Pre-Marital Agreement – Pre-Nuptial Agreement
Most people are not familiar with the term Pre-Marital Agreement, yet it is identical to and operates in the same manner as a Pre-Nuptial Agreement.
Preparing a Pre-Marital agreement is a process that involves significant planning and preparation for both parties to the agreement. We have taken the time to assemble
a brief Q&A regarding the essentials related to the planning and preparation of your Pre-Marital Agreement.
»What is a Pre-Marital Agreement?
»Should I get a prenuptial?
»Should I seek independent counsel?
»What must be disclosed in a pre-marital agreement?
»What types of things may be included in a pre-marital agreement?
»What can’t be included in a pre-marital agreement?
»Can I revoke my pre-marital agreement?
What is a Pre-Marital Agreement?
A pre-martial agreement is an agreement made between two people who are contemplating marriage. The agreement requires full and frank disclosure from both parties. It provides a list of all property each person owns and their accompanying debt. The agreement also lays out the rights, duties and responsibilities of the parties during and upon termination of the marriage through death or divorce. This agreement must be in writing and signed by both parties, with fair and reasonable terms free from fraud and duress to be enforceable in court. The agreement will become enforceable upon the marriage of the parties.
Should I get a prenuptial?
Prenuptial agreements used to be looked down upon; however, they now are becoming more acceptable in our society. You should definitely consider entering into a prenuptial agreement if you have children from a previous marriage, you own significant amounts of property, have previously been married, have a salary over $100,000, or own a business and/or family business. There are four main purposes of a prenuptial agreement: to avoid costly litigation, to protect family and/or business assets, to protect against creditors, and to give you assurance that marital property will be disposed of properly. If you do not have a prenuptial, the State of Maryland will divide the assets of the marital union based on an equitable distribution, equitable does not necessarily mean “equal,” in the event of a divorce.
Should I seek independent counsel?
YES, absolutely. Each party to the marriage should seek independent counsel before entering into a prenuptial agreement so that there is full and frank disclosure, a full understanding of the rights, duties and responsibilities of the parties to the agreement, and to ensure that the agreement is free from duress and fraud. If one party seeks counsel and the other does not, and the terms of the agreement are unfavorable to one party, the entire agreement may be considered unenforceable in a court of law.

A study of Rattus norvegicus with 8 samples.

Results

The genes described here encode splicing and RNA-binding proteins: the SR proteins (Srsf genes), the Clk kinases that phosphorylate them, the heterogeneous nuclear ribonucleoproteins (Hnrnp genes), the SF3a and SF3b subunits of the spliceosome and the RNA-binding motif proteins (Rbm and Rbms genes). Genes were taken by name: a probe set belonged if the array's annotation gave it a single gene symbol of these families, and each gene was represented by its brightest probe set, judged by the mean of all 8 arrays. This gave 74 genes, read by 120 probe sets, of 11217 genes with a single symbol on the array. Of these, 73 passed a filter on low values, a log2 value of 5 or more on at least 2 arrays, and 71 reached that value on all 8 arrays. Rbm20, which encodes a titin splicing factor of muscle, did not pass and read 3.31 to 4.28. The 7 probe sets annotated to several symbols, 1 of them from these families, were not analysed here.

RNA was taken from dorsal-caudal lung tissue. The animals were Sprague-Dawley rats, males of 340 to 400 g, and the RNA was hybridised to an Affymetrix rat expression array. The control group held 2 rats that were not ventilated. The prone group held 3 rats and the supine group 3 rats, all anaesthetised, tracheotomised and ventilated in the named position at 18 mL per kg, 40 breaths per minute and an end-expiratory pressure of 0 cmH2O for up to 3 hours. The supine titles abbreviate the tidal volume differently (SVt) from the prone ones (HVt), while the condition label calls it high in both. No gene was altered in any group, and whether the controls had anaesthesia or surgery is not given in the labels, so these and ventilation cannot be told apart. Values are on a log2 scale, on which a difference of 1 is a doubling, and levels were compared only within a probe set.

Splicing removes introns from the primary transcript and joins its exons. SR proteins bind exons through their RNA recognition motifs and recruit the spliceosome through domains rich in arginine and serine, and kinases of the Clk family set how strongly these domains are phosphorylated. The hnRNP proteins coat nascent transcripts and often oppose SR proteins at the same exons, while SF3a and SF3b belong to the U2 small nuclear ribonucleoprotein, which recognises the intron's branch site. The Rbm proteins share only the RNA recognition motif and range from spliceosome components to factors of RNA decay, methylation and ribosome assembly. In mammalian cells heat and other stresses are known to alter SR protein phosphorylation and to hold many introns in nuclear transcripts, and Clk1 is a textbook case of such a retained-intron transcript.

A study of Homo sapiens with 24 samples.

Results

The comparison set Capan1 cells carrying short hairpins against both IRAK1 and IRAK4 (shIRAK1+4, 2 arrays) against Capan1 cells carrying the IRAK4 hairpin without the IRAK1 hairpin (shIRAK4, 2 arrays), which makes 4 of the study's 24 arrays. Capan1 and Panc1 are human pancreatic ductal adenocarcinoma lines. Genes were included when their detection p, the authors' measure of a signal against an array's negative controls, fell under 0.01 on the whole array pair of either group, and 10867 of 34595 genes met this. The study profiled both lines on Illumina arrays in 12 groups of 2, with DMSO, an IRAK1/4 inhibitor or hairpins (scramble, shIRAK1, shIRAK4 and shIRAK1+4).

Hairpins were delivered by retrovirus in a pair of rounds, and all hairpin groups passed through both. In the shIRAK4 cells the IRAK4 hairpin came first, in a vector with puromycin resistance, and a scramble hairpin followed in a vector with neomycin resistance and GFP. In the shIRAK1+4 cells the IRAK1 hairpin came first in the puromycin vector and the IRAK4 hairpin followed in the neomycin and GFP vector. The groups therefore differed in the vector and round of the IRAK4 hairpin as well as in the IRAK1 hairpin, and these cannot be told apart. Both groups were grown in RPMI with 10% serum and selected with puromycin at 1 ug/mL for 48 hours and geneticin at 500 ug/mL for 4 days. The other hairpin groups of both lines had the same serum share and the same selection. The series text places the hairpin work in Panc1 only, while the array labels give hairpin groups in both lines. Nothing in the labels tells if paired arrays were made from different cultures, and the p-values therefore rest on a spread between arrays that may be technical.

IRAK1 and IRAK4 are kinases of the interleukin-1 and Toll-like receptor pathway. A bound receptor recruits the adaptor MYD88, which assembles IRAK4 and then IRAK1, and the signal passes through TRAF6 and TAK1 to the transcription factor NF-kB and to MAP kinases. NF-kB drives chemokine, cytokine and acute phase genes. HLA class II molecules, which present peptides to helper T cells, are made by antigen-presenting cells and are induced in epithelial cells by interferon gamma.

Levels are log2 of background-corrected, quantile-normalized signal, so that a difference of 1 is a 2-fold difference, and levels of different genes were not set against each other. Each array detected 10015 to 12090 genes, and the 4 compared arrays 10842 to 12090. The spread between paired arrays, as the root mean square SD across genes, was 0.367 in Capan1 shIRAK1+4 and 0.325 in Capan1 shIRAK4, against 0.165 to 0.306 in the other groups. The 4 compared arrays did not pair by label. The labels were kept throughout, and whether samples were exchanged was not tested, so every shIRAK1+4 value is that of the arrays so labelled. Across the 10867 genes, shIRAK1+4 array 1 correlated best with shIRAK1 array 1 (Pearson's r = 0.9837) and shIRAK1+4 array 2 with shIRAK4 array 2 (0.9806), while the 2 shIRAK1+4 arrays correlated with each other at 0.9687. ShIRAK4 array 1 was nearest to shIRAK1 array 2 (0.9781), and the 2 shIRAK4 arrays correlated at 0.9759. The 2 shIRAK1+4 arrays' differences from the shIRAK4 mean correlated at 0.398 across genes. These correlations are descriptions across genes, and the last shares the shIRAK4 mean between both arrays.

What must be disclosed in a pre-marital agreement?
Certain information must be provided by both parties to the agreement, that particular information is provided below:
- Checking accounts
- Certificates of Deposit, Savings Accounts
- Stocks & Bonds
- Mutual Funds
- Real Estate
- Business Interest/Ownership
- Retirement Benefits (IRA, 401(k), other retirement benefits)
- Life Insurance polices/annuities
- Other Trusts, Anticipated Inheritance
- Personal Property (cars, boats, etc)
- Other Personal Property (home furnishings, jewelry, collections, etc)
- Liabilities (home mortgage, debts, etc)
- Other Assets
- Most recent personal federal income tax return
What types of things may be included in a pre-marital agreement?
A prenuptial agreement can include a wide array of things. It may include the following types of provisions:
- Alimony/Spousal Support or Waiver thereof
- Use or nonuse of Joint Bank Accounts
- Filing of Tax Returns
- Agreements about specific purchases or projects
- Purchasing a home/starting a business
- Use/nonuse/limited use of Credit Cards
- How to settle future disagreements
- Lifestyle clauses
- Right to inherit
- Right to be named beneficiary of life insurance policy and/or retirement benefits
However, personal agreements as to household chores, exercising, cooking, etc should be kept out of the agreement, as they are not binding in court, and may cause a Judge to take your pre-martial agreement less seriously.
What CANNOT be included in a pre-marital agreement?
Prenuptial agreements have been drafted to include almost anything; however, there are certain provisions that cannot be included and if they are, will be stricken and unenforceable. Those provisions are provided below:
- Illegal actions and issues that are against public policy
- Restricting child support, custody or visitation rights
- Financial incentives for divorce
Almost anything else may be included in a prenuptial agreement and have been included in such agreements.
Can I revoke my pre-marital agreement?
A pre-martial agreement may be revoked after the marriage by written agreement signed by both parties, free from fraud and duress.
**Words of Advice**: Speak with your significant other regarding the benefits, and disadvantages of a prenuptial agreement before seeking the assistance of experienced attorneys. It will make the whole process and the final document more balanced if you have the necessary time and patience to discuss your options with your partner before preparing the document. It’s best to have a written outline prepared beforehand of what you want included in your prenuptial agreement.